The Indians have had a penchant for winning close games of late, even with sub-optimal pitchers on the mound in close-and-late situations. In Monday's doubleheader, for instance, Nick Hagadone closed the first game with the tying run at the plate, and Tony Sipp closed the second despite facing all right-handed hitters. So after taking all those risks in order to give the back end of the bullpen a rest, that back end of the bullpen, or namely Chris Perez, gives up the lead in extra innings on Tuesday.
Ubaldo turned things around on Sunday with 7 shutout innings, lowering his ERA almost a full run (5.02 to 4.04), leaving Masterson as the only starter with an ERA above 5.00. Based on the first inning, though, it seemed like Justin's early-season troubles would continue, though the defense didn't help matters. After a Gordon Beckham single, Adam Dunn lifted a drive to the wall in right-center that Michael Brantley could have caught, but didn't. That placed runners on second and third with one out. With the infield back, Paul Konerko hit a fairly-hit grounder to Jack Hannahan, but the Tribe third baseman elected to go to first base rather than risk a play at the plate. Then A.J. Pierzynski hit a single through left of the infield, and with Johnny Damon in left, the White Sox sent Adam Dunn home from second. With anyone else in left field, Dunn would have held, but with Damon's famously weak arm, even Dunn scored easily. To complete the not-quite-errors theme, Alex Rios hit a ball that Asdrubal Cabrera should have got to but didn't, leading to Masterson having to throw more pitches than he should have.
After that inning, Masterson was pretty good. He walked five batters, which is unfortunately par for the course for him, but he got out the rest of the jams to got himself into. He, like Jimenez, has been prone to in-game wildness fits, and it happened again tonight, though he didn't let it turn into runs:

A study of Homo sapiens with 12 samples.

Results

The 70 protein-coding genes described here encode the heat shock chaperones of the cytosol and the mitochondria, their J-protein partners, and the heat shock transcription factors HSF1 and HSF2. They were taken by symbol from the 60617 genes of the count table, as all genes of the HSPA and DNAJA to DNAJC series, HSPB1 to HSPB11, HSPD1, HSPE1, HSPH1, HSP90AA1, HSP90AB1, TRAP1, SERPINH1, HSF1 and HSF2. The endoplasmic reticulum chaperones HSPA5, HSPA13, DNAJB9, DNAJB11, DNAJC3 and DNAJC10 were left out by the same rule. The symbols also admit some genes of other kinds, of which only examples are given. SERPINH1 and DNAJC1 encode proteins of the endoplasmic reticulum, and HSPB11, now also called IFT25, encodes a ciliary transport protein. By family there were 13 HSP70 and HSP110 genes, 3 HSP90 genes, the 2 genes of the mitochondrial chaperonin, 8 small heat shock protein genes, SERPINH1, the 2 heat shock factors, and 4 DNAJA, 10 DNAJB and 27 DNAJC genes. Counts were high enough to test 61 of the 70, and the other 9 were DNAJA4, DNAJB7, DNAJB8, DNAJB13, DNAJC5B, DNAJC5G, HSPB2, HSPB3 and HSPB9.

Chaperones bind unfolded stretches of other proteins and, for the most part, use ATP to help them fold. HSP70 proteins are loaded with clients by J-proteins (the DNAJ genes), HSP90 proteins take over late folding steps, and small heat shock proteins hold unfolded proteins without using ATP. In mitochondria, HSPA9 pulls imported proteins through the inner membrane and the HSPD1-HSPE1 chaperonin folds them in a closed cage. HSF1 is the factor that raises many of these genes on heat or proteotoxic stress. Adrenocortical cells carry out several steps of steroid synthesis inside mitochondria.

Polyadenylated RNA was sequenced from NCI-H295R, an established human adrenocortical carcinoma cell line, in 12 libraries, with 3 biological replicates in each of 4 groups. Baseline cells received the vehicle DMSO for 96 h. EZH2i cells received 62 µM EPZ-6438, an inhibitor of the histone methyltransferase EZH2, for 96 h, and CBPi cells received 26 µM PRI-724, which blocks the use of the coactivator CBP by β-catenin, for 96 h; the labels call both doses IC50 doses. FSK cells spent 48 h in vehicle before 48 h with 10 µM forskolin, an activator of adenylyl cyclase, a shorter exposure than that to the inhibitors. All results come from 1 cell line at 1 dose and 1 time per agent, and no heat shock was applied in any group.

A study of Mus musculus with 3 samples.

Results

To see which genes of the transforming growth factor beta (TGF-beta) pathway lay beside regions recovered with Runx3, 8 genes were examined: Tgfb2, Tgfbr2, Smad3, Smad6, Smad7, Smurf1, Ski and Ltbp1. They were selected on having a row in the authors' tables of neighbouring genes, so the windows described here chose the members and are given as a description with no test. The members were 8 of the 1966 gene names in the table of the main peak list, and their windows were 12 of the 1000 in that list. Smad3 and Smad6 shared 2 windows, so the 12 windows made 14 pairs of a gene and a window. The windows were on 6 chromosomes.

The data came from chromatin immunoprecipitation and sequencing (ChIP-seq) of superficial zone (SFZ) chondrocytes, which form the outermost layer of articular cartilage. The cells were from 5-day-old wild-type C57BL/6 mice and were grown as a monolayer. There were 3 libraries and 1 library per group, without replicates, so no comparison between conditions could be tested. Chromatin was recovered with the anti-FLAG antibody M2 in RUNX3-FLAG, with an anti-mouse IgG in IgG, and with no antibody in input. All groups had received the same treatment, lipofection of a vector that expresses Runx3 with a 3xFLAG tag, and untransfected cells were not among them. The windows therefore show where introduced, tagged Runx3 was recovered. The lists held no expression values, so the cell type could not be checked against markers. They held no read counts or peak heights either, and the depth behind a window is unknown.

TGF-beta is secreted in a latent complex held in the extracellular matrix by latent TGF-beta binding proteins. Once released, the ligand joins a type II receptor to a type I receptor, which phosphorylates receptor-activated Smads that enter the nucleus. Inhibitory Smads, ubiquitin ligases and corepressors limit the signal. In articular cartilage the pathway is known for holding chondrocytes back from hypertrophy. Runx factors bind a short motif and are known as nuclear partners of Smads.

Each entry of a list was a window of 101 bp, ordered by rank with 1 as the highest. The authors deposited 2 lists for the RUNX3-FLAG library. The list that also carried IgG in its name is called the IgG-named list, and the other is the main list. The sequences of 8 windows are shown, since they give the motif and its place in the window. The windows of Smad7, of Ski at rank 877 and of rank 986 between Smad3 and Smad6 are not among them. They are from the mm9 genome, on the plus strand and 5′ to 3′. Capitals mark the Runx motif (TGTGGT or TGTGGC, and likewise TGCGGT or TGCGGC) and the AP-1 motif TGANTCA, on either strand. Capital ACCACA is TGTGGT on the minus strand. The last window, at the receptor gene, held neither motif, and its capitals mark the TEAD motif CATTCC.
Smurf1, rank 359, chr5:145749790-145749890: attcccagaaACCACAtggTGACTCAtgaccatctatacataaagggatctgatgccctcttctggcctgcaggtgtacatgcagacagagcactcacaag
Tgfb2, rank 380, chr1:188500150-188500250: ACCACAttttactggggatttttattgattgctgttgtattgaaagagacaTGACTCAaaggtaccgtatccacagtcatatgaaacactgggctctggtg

"When you know that stuff is kind of going here, there and everywhere," Masterson said, "you're close to the zone, but not close enough, you've got to be able to work through it and really keep it close. They [scored] two there in the first, so my goal the rest of the way was that I was going to be out there to just try to not give up any more."
With the Indians down 2-0, Manny Acta called on Dan Wheeler to pitch the seventh inning. Wheeler allowed two singles, a walk, and a run, making the score 3-0. He pitched a scoreless eighth.
The Indians meanwhile were shut down by John Danks, who they had lit up just last week. Danks has had particular troubles with left-handers this season (he's never had typical splits for a left-handed pitcher because he features a change) but didn't have any problems with the Tribe lineup tonight. He would allow two runs, but those came around to score on Chris Sale's watch.
The White Sox recently moved Sale back to the bullpen, fearing that he would wear down under the rigors of starting, and the left-hander got a ground ball off the bat of Johnny Damon, but shortstop Alexi Ramirez booted the ball, loading the bases with nobody out. Jason Kipnis got one run home with a ground out, and after Asdrubal Cabrera walked to re-load the bases, Carlos Santana smacked a single back up the middle to tie the game.
Usually with the game tied going into the ninth, Chris Perez would pitch, but with the bullpen still very thin, Acta decided to go with Nick Hagadone, who has been very good. The left-hander continued his outstanding season, striking out the side. The Indians failed to score in the ninth, so Acta went with Perez to pitch the tenth.
Last week, Perez and Rios got into a staring/shouting match after Perez retired Rios to end a game, and tonight Rios had his revenge. With a runner on first, Rios smacked a ball up the right-field gap, giving the Sox the lead. He would score on a fielder's choice. It was not a save opportunity for Perez, but it was his first bad outing since Opening Day.